A Thousand Flappers and Hobbledehoys

not merely superfluous, but ridiculous

Straight Man — Review

this post was originally published on my Goodreads account.

Another comedy covering a few eventful days in the generally uneventful life of a writing professor, Richard Russo’s Straight Man benefits from being read back-to-back with Michael Chabon’s Wonder Boys, tackling similar material from a slightly more realistic perspective, with a deeper understanding and exploration of campus politics. In this, it shares a few characteristics with Jane Smiley’s Moo, including the character of a young male undergraduate who uses his stories to take revenge on all the people, mostly female, who fail to appreciate him. Reading the book, I wondered a few times whether Russo had embarked on a reading list of popular campus novels similar to the one I’ve been undertaking these last few months (I suspect that if I had decided to include Pnin, I would find some similarities there as well).

Russo’s primary subject seems to be an old but good joke about how the highly specialized and theoretical knowledge of most academics leaves them unequipped to deal with the general concrete problems of the everyday. But he tells it well, and manages to show how this specialized, theoretical knowledge can occasionally lead to moments of blinding insight. When protagonist and writing professor Henry Devereaux Jr. suddenly understands an internal struggle his son-in-law is undergoing, he is briefly irritated by the younger man’s surprise: “What in the hell does he think I do all day?”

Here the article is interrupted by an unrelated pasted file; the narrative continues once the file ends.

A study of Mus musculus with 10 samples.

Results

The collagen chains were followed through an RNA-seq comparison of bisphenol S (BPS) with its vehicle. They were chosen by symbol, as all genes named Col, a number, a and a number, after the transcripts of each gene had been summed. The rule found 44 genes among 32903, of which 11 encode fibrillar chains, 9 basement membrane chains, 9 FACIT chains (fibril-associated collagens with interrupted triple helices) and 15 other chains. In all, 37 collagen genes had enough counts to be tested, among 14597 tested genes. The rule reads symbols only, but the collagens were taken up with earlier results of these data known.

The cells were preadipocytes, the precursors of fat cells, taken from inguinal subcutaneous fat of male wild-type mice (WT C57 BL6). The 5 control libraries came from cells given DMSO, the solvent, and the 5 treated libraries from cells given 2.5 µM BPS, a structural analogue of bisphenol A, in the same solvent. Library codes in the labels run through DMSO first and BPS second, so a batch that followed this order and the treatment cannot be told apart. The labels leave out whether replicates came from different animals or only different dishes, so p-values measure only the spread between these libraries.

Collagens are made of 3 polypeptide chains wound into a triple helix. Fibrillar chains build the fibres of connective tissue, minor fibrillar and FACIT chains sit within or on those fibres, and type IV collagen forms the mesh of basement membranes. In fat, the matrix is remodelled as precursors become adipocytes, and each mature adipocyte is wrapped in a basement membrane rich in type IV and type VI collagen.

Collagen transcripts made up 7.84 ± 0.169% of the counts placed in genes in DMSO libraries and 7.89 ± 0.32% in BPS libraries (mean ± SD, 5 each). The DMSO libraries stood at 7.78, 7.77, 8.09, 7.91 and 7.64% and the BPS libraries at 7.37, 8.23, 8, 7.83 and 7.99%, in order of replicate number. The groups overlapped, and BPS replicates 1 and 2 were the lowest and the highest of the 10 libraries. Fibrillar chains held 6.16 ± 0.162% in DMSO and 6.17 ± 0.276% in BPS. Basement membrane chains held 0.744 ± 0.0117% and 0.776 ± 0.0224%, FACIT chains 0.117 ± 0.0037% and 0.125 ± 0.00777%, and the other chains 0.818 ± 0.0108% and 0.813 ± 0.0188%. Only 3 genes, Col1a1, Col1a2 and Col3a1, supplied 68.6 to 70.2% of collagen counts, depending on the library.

Devereaux, a man who is most comfortable in situations where he is making everyone else profoundly uncomfortable, is Straight Man’s most memorable creation. He has a tendency to tune out the people around him, forget entire minutes of recent time, and even to begin speaking his own narration aloud to the other characters, who frequently stop and ask him to whom he is talking. But mixed in with this tendency toward comedic anarchy is some reflection on the fears and biological humiliations of early middle age, the way the body seems to betray the self even as the mind feels like it could go on forever. There’s a subplot about urinary incontinence that’s responsible for both some of the most juvenile and most adult material Russo achieves. That balance between hilarity and profundity makes this a novel worth reading.